Frequently Asked Questions

Link to this headingWhat are new extensions?

The web will be getting around 600 new extensions (gTLDs or generic top-level domains) over the next few years. This will give us websites ending in .app, .auto, .food, .website and .vlaanderen, to name but a few. There will be millions of possibilities among the new, catchy and just plain ideal choices. Imagine a bike shop registering a .bike domain for itself – it’s pretty clear what you’re about!

Link to this headingWhen will the new extensions be available?

It’s tricky to predict. The new extensions will be introduced in phases, with some available now and others arriving throughout 2014 and 2015. We recommend that you revisit our extension pages regularly and follow our frequent updates on social media.

Link to this headingCan I register any new extension?

You can register practically any of them, yes, but there are a few exceptions. Companies such as Google, Nike and Philips own the exclusive rights to their own brand names, so these are reserved for obvious reasons. You can visit our pre-registration page to find out which extensions will be available, both now and in the future.

Link to this headingHow much does it cost to pre-register?

Pre-registering a new domain extension is absolutely free – we’ll happily sort that out for you. You would only pay once we come to actually register your domain name, following your go-ahead. Unfortunately we can’t say exactly how much it will cost right now as it depends on the amount the registry ends up charging us for that particular extension. Most of the time, the final price isn’t announced until right before the initial introduction. Naturally we’ll keep you in the loop if you pre-register with us. You don’t have to finally confirm your registration until after the pricing is made public.

Link to this headingWhat is the sunrise period?

The sunrise is the period leading up to public availability (the land rush). It lasts a minimum of thirty days and is intended for brands registered with the Trademark Clearinghouse. Their owners are entitled to register their domain names first in order to protect their brand, though they may choose to skip this stage for a number of reasons including the high cost to do so.

Link to this headingWhat is the land rush?

The land rush is the period following the sunrise, in which an extension is made more widely available. If you’re desperate for a domain name with a particular extension, you can pay extra during the land rush to get your foot in the door first. Pricing can skyrocket over this period too, as resellers of popular extensions rush to rake in as much as they can. Having paid $185,000 for the reseller rights, their selling prices can easily reach tens of thousands of euros.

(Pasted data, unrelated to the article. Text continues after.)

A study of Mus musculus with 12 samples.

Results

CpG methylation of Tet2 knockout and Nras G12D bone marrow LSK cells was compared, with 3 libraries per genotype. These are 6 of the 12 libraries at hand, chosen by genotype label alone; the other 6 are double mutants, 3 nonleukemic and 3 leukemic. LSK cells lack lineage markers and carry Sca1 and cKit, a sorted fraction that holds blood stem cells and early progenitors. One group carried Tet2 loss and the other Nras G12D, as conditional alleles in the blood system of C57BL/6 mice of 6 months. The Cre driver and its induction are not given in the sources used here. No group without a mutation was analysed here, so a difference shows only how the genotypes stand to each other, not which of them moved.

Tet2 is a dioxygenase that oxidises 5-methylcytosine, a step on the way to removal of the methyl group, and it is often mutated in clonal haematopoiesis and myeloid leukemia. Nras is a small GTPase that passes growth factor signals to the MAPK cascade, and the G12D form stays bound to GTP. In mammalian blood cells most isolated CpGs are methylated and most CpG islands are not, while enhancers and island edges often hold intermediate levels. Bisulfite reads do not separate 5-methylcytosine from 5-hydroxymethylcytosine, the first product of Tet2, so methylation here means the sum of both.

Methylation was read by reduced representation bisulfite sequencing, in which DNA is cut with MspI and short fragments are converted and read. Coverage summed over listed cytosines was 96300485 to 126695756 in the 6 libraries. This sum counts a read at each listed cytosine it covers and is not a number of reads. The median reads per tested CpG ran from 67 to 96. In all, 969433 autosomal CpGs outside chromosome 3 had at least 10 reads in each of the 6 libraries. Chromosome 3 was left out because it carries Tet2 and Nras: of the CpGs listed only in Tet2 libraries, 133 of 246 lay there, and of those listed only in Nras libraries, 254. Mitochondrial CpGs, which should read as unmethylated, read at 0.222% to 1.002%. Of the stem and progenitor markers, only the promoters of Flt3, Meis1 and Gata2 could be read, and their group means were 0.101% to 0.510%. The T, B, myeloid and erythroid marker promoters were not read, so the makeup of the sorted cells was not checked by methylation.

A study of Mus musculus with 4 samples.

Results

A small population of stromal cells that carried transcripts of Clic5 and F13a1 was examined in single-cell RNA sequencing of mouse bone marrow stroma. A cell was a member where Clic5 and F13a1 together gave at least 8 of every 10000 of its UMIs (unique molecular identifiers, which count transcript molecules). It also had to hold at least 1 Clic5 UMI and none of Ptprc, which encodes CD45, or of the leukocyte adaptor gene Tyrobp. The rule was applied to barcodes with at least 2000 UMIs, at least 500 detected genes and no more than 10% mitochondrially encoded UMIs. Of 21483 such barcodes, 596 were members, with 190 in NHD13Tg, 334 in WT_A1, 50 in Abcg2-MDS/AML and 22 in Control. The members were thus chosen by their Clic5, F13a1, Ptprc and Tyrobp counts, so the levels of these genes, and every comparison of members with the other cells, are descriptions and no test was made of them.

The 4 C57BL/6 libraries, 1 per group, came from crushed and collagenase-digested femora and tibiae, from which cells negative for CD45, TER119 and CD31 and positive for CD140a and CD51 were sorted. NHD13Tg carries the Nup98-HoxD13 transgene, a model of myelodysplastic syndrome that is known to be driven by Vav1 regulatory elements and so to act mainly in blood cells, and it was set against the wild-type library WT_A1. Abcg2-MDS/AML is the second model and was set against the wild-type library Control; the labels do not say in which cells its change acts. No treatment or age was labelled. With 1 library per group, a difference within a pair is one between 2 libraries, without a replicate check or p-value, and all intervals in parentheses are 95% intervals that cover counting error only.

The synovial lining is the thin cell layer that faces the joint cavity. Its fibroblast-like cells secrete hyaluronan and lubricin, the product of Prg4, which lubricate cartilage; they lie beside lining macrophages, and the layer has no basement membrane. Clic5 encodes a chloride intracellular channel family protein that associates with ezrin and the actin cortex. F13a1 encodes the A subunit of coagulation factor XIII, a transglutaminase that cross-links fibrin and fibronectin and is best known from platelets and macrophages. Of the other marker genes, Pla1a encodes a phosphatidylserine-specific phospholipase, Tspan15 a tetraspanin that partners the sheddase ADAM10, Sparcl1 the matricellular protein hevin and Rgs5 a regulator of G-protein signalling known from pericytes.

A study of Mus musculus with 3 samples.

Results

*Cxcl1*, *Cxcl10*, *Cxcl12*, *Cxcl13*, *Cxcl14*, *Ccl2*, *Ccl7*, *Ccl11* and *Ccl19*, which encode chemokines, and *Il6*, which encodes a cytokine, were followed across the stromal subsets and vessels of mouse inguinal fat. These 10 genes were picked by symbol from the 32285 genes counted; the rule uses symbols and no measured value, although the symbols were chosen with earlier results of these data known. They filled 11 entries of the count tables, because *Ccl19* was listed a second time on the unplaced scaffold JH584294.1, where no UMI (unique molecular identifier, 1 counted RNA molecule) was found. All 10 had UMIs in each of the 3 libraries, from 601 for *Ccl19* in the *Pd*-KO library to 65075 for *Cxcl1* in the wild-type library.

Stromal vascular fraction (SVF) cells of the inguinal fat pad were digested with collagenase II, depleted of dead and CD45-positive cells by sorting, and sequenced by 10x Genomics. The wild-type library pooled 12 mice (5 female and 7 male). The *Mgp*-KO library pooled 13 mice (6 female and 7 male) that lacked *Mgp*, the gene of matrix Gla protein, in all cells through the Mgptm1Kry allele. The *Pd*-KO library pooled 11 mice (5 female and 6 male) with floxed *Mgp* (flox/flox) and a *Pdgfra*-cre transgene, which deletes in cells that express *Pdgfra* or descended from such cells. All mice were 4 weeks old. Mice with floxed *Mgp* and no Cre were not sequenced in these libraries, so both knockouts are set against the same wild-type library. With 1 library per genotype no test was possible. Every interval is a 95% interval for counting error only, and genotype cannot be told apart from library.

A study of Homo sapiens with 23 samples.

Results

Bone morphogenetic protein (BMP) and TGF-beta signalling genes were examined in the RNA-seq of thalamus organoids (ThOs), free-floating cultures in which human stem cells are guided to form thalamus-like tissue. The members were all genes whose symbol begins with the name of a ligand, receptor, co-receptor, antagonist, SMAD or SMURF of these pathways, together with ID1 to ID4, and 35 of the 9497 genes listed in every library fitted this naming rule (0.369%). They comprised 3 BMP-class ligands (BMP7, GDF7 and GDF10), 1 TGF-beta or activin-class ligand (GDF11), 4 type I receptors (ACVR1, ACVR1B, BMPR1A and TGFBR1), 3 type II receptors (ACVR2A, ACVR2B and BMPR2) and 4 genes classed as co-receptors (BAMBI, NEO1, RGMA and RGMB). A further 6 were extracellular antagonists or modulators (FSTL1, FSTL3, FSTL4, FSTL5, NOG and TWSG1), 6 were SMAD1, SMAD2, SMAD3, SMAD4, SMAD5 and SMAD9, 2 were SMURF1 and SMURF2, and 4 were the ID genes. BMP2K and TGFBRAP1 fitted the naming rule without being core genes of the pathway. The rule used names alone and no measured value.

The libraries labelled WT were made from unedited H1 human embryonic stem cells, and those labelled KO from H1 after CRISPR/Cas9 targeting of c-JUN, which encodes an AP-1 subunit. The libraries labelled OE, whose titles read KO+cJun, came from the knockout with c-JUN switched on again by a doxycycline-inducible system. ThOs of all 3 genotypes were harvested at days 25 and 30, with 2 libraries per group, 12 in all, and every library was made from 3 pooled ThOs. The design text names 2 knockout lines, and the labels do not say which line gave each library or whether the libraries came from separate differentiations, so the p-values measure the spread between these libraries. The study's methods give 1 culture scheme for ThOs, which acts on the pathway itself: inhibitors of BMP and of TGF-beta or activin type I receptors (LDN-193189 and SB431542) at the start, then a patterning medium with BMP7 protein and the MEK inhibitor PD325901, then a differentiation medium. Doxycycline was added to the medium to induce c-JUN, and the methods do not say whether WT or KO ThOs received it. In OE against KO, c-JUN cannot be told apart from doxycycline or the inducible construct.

Resellers will often divide the period up into phases, with price hikes between each one. Quick decisions can lead to higher costs compared to those who were willing to wait, though on the other hand you could lose the extension you had your eye on. Starting prices can range beyond €10,000.

Link to this headingWhat is general availability?

From this point, anyone can register a domain name with the new extension, at a fixed price and on a ‘first come, first served’ basis. If you try to register a domain name belonging to an existing brand, you will be informed of this. If you persist in the enquiry, the brand owner will be alerted and they may contact you to discuss a potential breach of their ownership rights.

Link to this headingWhat is the Trademark Clearinghouse?

The Trademark Clearinghouse (TMCH) is a database of validated and registered brand names. Registration with the TMCH is the first step towards protecting your name or brand online. It’s also a prerequisite of sunrise sales for new extensions and you can receive an alert if others attempt to register your domain name with a new extension. That’s a comforting thought considering how many new ones are on their way.

Link to this headingWhat is ICANN?

ICANN is the organisation that assigns new domain names. Individuals and businesses have been submitting requests to ICANN for new extensions for the past few years at a cost of $185,000 each. The caveat is that their request may not be accepted and they would lose their money. Google and Amazon, for example, have requested a good few dozen extensions for their own purposes. Philips has requested a .philips extension as well.